Nursing students face difficult decisions in annual disaster drill



If you are able to save only one of the following: a baby, a young woman, an old woman or an old man, whom do you pick?

Triage is fighting the initial instinct of saving the most helpless in order to save more people in the limited amount of time a rescuer has before the building collapses. Nursing Professor Vincent Pair said the Disaster Drill tests the students’ ability to assess patients’ injuries, as well as their ability to care for them. Floyd Canup, Captain of the Sheriff’s Department, said, “The Disaster Drill exposes the student to life-like situations, however, in the field there are more civilians and it moves quicker.”

The annual drill is a mock trial, with roughly 200 nursing students, where the juniors act injured and the seniors rescue them from a common disaster. Several other departments at Piedmont College were also involved in the drill. The mass communications department sent out journalists and a video production crew to cover and promote the drill. Piedmont College’s theatre department helped by creating wounds out of makeup, ripping up old clothes for the victims to wear and creating pyrotechnical explosions to make the drill as realistic as possible.

“It took me 45 minutes to get this thing entirely smoked up enough to set off the fire alarm,” said John Spiegel, associate professor of theatre. Spiegel, along with Associate Professor of Theatre Henry Johnson, are in charge of pyrotechnics for the disaster drill.


“This is the first time we’ve done it in a building. Normally it’s out either in the amphitheater or in the amphitheater parking lot or around this building (the Swanson Center),” Spiegel said.

Due to the nature of the drill this year, Spiegel said that set up, clean up and set construction processes were much shorter than they have been in the past.

There were over 100 victims that participated in the disaster drill. Each victim had makeup on various parts of their body to resemble burns or other wounds caused by the fire, and had specific instructions on how to act during the drill.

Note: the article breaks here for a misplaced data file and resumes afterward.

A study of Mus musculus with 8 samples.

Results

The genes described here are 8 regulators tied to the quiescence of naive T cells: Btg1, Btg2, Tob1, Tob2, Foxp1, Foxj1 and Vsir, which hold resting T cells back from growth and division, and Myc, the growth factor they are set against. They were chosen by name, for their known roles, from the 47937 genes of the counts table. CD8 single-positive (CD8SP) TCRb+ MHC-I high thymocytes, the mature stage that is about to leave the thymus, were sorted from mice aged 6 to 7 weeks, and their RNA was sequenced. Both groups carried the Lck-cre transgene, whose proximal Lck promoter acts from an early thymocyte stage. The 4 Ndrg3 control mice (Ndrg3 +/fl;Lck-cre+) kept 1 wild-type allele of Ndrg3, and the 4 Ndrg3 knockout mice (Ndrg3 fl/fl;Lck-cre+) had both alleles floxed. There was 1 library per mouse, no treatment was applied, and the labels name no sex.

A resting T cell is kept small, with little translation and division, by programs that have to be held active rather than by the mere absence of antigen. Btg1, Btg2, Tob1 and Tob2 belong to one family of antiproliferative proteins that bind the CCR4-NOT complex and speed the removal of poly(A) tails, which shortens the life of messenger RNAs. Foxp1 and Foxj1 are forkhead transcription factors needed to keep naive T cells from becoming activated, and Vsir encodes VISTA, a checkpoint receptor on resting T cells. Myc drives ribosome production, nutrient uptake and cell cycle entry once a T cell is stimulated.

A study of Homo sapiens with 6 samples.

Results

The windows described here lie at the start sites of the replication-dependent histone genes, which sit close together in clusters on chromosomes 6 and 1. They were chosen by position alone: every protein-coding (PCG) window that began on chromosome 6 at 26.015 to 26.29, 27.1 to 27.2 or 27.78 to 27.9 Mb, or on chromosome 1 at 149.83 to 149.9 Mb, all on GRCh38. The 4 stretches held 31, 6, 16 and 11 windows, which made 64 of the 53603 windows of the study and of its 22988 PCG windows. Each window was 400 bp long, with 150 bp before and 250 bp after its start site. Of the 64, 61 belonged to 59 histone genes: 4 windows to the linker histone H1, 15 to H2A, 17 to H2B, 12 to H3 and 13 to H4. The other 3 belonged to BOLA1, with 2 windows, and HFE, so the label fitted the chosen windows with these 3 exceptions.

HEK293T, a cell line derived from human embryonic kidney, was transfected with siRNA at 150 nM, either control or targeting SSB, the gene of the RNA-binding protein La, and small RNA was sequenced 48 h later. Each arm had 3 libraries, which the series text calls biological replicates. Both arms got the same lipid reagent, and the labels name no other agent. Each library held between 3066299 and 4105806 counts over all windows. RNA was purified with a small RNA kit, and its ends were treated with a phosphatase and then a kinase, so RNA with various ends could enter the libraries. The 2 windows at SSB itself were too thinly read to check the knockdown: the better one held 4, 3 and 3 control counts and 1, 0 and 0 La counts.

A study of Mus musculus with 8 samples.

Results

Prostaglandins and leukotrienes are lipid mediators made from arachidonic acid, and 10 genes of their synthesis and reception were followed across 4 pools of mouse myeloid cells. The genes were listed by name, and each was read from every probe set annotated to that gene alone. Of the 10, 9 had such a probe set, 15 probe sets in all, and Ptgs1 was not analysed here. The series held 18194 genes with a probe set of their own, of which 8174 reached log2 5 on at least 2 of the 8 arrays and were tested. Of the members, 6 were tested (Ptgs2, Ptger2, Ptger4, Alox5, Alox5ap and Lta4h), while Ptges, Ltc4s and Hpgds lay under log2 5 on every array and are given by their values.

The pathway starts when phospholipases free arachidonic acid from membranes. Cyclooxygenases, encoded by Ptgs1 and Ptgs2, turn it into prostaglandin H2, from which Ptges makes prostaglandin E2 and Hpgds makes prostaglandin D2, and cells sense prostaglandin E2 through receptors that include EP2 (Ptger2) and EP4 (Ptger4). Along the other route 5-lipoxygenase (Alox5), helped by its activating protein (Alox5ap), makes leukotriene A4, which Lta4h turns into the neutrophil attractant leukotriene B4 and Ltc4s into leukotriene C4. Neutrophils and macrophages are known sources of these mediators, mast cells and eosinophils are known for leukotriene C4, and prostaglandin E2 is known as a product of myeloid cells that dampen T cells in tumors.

Lisa Buirch, a junior nursing major at Piedmont College with makeup mimicking a lower leg and foot burn , said acting like a victim was easy for her. “I guess I’m sort of a method actor,” said Buirch. “This is a lot of fun for me. I’m really excited to participate and to help.”

One senior nursing major, Rachel Hill, described the drill as “chaos.”

“I had a lot of patients who seemed to have some neural status issues like levels of consciousness were altered, lots of psych patients; there were quite a few burn victims,” Hill said. “I had a patient who had some blunt force trauma, trampled patients. It was difficult.”

The city of Demorest and Habersham County send almost all available first responders, including the city of Demorest police and fire departments, Habersham County Medical Center and EMS, Habersham County Fire Department, Sheriff’s Office, 911/Emergency Management Agency, the Georgia Emergency Management Agency, Homeland Security, Habersham Search and Rescue and the District Two Public Health Administration, according to Piedmont Police Chief Jim Andrews.

“The event has evolved and come a long way. It involves more agencies, more students and more departments,” said Nursing Professor Jamie Johnson-Huff, who has participated in the Disaster Drill for 13 years. “It is good to see them step up and watch how well they interact.”